Sunday, 21 July 2013

Re-imagining Nationalism in Literature



Samuel Selvon's "The Lonely Londoners"

There can be few more contentious topics than nationalism. In the UK – or, more accurately, in England – nationalism is seen inextricable from racism, zealous hatred and kneejerk reactionarism. Ask someone to describe a nationalist and they will likely describe an EDL member, a staunch opponent of immigration, a white supremacist etc etc. 

It has become a sort of Nietzchean slave morality – a belief defined completely by an opposition to another, and therefore an unsubstantial one. It creates an ‘us v. them’ scenario – those within the haven of our national boundaries (with justifiable reason to be there) versus those without.

This highlights the arbitrary nature of modern nationalism, specifically English nationalism. During World War Two, when Britain was under a real threat of invasion by the forces of Hitler’s Germany, such nationalism became almost a practical necessity, if a sometimes unpleasant one. Nowadays, with most of the world connected in an open forum of information exchange, it feels archaic and redundant.

Johann Gottfried Herder first coined the term “nationalism” in the 1770s while developing his philosophical concept of the “Volksgeist”, or “spirit of the people”. Seventy years later, another prominent German writer, Arthur Schopenhauer, would pour scorn on the concept, and on people who hold nationalism up as a defining facet of their character;

“The cheapest sort of pride,” Schopenhauer wrote, “is national pride; for if a man is proud of his own nation it argues that he has no qualities of his own of which he can be proud.”

Schopenhauer was writing over 160 years ago, but his comment on nationalism and national pride still stokes the fires of debate today. The truth is – speaking from my experience as an Englishman – the majority of English people would readily distance themselves from the “nationalist” tag, while simultaneously attempting to renegotiate some semblance of national pride from elsewhere.

For example, you may cry when England lose a penalty shootout, you may proselytise about the unparalleled beauty of the Peak District or the Lakes, you may feel a flush of pride when watching footage of the Olympic closing ceremony – but are you a nationalist? No way!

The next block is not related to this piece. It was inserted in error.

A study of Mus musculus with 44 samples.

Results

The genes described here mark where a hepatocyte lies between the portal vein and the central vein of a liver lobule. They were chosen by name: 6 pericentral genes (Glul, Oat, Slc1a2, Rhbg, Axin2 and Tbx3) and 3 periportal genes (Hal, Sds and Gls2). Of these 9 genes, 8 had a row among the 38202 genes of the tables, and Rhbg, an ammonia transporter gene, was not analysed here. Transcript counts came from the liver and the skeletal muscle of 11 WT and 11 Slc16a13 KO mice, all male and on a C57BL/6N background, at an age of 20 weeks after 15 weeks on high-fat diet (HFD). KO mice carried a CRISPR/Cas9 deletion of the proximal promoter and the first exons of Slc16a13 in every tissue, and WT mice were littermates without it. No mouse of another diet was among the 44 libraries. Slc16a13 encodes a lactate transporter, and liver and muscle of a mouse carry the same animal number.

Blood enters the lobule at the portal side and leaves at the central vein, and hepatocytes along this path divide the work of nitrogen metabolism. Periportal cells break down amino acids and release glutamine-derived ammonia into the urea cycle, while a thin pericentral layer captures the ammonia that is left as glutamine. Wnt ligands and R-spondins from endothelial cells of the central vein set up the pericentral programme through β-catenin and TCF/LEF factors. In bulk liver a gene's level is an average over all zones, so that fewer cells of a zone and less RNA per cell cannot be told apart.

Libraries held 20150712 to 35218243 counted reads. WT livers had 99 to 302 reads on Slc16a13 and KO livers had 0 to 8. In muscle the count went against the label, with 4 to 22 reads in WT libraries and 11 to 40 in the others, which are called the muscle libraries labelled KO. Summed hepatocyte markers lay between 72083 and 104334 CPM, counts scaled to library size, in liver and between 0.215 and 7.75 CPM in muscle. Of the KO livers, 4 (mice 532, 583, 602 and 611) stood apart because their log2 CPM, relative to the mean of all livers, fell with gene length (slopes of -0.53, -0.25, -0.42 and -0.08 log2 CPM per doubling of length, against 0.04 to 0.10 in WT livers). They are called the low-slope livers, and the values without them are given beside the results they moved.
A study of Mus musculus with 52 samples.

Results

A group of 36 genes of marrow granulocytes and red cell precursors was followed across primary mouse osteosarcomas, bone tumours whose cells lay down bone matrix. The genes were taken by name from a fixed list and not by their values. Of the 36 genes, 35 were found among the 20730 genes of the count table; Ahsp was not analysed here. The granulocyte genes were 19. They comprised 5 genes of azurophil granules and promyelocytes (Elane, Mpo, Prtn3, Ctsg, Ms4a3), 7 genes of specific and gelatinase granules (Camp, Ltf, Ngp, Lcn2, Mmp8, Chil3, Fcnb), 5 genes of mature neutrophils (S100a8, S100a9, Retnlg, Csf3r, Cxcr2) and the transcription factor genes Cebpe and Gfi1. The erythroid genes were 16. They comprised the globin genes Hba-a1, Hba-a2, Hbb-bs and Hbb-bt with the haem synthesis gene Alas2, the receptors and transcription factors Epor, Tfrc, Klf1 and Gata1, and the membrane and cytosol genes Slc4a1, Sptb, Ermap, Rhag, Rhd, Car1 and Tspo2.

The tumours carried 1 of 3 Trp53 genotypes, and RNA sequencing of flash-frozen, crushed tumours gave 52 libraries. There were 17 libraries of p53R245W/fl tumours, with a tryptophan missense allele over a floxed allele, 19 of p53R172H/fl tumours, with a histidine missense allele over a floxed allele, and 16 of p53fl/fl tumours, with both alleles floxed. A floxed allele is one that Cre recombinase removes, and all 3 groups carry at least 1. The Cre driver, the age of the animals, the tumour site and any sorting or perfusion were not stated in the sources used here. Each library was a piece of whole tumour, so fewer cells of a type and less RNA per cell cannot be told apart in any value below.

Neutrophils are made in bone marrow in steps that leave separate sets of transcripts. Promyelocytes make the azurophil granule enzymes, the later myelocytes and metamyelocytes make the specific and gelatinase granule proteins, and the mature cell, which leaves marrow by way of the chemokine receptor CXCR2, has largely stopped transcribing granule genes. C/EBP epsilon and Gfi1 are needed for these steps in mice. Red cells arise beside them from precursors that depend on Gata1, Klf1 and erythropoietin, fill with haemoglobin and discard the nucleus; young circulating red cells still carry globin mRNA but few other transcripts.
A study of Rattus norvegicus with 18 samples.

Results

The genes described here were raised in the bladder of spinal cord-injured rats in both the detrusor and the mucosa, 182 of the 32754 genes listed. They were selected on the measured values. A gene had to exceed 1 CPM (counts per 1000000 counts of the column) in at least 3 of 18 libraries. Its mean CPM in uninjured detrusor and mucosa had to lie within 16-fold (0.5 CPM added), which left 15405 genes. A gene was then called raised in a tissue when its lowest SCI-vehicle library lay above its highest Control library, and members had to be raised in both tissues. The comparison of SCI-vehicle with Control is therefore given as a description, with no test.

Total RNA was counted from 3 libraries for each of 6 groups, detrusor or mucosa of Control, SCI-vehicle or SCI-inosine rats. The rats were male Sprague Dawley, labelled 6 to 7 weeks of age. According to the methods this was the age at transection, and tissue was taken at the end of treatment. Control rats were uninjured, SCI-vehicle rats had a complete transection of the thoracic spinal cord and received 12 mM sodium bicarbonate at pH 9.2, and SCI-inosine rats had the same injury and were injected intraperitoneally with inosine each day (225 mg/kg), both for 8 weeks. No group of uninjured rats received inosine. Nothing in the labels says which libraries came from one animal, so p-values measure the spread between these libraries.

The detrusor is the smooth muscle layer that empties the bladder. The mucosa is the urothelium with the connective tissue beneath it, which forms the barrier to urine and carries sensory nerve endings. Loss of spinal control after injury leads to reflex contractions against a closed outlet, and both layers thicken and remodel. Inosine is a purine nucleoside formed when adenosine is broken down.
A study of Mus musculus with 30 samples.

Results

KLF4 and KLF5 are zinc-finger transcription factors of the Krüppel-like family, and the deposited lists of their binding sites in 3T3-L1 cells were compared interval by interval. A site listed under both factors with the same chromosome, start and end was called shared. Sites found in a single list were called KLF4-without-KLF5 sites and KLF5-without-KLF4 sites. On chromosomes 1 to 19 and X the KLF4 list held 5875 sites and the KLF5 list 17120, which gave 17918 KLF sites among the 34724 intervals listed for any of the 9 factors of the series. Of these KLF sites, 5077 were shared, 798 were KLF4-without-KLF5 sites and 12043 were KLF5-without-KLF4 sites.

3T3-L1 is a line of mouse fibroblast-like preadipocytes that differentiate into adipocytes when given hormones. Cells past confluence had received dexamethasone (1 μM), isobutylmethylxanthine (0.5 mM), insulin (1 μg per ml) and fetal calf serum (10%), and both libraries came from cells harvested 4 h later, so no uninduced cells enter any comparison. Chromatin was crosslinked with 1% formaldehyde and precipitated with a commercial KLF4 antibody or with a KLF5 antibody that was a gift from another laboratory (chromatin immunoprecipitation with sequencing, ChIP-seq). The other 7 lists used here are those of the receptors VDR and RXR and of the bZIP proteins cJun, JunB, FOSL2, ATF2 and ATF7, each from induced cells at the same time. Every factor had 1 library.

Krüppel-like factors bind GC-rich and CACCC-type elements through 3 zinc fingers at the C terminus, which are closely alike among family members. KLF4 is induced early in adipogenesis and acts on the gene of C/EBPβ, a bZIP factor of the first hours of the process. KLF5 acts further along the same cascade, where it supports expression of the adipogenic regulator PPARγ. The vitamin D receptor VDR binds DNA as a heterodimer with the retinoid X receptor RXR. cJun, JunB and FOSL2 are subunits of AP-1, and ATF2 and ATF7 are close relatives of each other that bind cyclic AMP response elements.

Nationalism is an increasingly awkward concept, particularly now that transnational borders are becoming more fluid and global mobility is more readily accessible. It seems to me that a person should align their pride to their surroundings and to their community – on as wide a scale as they may wish – rather than practice a simple, blind loyalty to a sovereign state.

Literature thrives off this awkward pairing of the individual human soul and the arbitrary groupings of nationality. Passages in Milan Kundera’s “The Book of Laughter and Forgetting” , for example, act as symphonic love letters to the Czech capital Prague, but are told through the eyes of exiles and neurotics, each dislocated from the city in their own unique way.

Another example is Salman Rushdie’s “The Moor’s Last Sigh”. In his 1995 novel, Rushdie deconstructs what is supposedly a key aspect of nationalism – language; exposing it as the organic, polymorphous beast that it truly is, all the while in the midst of a Portuguese merchant enclave in India, and later in southern Spain.

The blisteringly brief, but nonetheless brilliant novel “The Lonely Londoners” by Samuel Selvon is amongst the most immediate examples of negotiated nationalism in literature. Penned in 1956, the novel charts the life of a group of West Indian immigrants who arrived in London following the British Nationality Act of 1948, the parliamentary bill that effectively ushered in the first waves of migrant workers from the Commonwealth.

The book examines the different cultures emanating from distinct Caribbean islands and their transplantation into a metropolis on the cusp of the next stage of its evolution, cultures that become unintentionally homogenised as the émigrés clamour to find their place in a new society. In the eyes of the indigenous Brits, this gaggle of lonely Londoners are refugees from only one nation: “Black”.

Trinidadian, Jamaican, Antiguan, Barbadian, even Nigerian; none of these distinctions matter in the eyes of the racially suspicious post-war Britons that Selvon’s characters come into contact with. It is this aspect that makes the novel one of the most fascinating critiques of modern nationalism and identity in twentieth century literature.

As the global community continues to develop, and artistic inspiration ceases to be limited by parochial geographical locale, the debate surrounding nationalism – and the great art and literature that springs forth from it – can only become more fascinating, more discomfited and more vital to our sense of human identity, than ever before.